Published Jul 12th, 2020 9:02AM EDT
black hole in our solar system
Image: NASA

  • Theories of “planet nine” have been proposed, but others believe it may be a tiny black hole.
  • Researchers plan on scanning the skies for evidence of the black hole using a new survey.

The hunt for the ever-elusive “Planet Nine” has taken scientists down some very strange roads. The idea that a planet exists in the outer reaches of our solar system and can’t be easily seen has been floating around for some time, and observations of other objects in the area suggest that there’s something big generating a gravitational pull. The easiest explanation would be a planet, but it’s not the only possibility.

Now, scientists from Harvard University in partnership with the Black Hole Initiative want to test the theory that the object that appears to be lurking on our system’s edge is actually a black hole. Yep, you read that correctly; there may be a black hole lurking right in our cosmic back yard.

The researchers plan on searching for this so-called “primordial” black hole using data from the Legacy Survey of Space Time, or LSST mission. The researchers say that they can use the data to search for evidence of accretion flares, which are created when objects get too close to a black hole.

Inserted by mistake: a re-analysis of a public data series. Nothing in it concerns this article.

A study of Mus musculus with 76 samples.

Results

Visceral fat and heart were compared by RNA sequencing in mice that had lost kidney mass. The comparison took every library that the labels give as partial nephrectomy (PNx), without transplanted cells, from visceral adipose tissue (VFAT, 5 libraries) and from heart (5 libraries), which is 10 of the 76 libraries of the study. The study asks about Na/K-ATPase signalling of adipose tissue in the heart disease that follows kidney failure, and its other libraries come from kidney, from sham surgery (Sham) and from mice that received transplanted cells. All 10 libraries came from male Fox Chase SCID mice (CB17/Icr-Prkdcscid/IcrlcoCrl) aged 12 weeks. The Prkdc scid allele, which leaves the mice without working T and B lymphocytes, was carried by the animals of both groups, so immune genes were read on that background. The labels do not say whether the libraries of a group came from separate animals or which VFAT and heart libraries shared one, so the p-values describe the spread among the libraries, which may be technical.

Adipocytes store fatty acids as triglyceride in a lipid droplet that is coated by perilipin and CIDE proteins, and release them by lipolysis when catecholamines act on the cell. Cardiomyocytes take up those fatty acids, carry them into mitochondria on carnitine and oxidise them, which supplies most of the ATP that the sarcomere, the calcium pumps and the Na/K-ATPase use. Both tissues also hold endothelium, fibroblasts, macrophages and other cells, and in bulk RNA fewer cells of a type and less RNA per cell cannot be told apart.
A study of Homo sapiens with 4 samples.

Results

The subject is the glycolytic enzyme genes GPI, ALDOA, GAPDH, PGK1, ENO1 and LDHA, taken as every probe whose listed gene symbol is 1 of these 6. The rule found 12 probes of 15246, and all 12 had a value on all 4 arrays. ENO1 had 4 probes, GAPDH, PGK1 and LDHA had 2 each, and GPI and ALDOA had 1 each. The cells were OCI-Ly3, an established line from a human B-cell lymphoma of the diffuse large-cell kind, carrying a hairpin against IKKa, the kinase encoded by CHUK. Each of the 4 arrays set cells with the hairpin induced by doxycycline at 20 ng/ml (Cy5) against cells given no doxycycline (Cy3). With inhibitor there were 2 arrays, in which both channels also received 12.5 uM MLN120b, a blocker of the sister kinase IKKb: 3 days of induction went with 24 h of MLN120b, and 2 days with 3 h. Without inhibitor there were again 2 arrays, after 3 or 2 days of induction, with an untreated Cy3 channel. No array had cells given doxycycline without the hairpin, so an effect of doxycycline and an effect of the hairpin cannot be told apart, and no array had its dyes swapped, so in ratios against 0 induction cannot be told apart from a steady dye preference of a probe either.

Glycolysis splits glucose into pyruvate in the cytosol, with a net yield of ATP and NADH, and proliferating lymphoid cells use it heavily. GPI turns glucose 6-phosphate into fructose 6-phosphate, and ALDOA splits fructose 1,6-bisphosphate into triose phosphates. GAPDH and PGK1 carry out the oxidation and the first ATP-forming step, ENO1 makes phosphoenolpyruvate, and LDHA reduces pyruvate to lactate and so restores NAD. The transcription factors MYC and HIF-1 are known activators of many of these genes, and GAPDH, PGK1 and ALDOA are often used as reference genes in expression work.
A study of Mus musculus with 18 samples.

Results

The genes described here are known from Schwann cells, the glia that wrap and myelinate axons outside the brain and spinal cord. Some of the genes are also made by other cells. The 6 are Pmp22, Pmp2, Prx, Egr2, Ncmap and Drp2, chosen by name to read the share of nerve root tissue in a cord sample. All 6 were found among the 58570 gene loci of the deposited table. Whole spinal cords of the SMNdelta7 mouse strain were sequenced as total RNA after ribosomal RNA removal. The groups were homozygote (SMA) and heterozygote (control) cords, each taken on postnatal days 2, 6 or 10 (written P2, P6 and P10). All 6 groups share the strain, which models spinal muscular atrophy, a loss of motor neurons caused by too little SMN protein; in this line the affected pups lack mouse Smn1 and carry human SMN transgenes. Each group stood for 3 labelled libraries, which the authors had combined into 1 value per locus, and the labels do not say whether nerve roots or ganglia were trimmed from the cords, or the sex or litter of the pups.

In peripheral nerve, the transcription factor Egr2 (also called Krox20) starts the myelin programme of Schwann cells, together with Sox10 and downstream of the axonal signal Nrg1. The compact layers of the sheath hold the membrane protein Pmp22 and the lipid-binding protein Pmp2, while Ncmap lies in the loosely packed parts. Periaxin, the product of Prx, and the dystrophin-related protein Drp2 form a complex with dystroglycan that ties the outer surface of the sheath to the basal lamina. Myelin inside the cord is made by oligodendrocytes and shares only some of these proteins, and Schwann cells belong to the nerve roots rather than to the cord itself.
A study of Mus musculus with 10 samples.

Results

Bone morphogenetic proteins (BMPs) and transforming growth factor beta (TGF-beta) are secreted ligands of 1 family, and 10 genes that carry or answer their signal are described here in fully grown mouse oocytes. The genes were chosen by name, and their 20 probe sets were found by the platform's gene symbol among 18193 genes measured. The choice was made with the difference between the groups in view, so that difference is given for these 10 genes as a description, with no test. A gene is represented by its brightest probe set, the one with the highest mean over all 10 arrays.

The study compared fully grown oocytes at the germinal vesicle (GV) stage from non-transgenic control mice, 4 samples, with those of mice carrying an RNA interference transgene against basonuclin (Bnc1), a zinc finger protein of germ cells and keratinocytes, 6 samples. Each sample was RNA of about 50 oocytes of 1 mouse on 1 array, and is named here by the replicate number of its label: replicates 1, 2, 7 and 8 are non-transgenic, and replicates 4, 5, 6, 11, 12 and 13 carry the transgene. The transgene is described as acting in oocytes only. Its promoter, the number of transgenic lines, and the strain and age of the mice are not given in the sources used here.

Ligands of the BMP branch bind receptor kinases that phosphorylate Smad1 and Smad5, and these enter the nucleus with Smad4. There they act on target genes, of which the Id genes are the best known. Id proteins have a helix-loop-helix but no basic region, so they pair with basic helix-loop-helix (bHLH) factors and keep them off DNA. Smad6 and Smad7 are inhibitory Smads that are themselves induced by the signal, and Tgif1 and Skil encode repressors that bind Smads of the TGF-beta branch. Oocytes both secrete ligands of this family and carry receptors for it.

“In the vicinity of a black hole, small bodies that approach it will melt as a result of heating from the background accretion of gas from the interstellar medium onto the black hole,” Amir Siraj of Harvard said in a statement.

“Once they melt, the small bodies are subject to tidal disruption by the black hole, followed by accretion from the tidally disrupted body onto the black hole.” Dr. Avi Loeb, who is co-authoring the research, explains. “Because black holes are intrinsically dark, the radiation that matter emits on its way to the mouth of the black hole is our only way to illuminate this dark environment.”

The catch here is that the LSST hasn’t actually begun yet. The scientists believe that the survey will be able to spot such flares, but they won’t know for certain until the hardware begins scanning the skies twice a week as is currently planned. The black hole itself, if it exists, would be an incredibly intriguing object for future study.

A “planet-mass” black hole could exist with a mass of between five and ten times that of our own planet. Being a black hole, the object would be much, much smaller than Earth, and the researchers suggest it could be as tiny as a grapefruit. Even at that size, it would have enough gravitational oomph to produce the kinds of movements in nearby objects that have been observed on the edges of our system.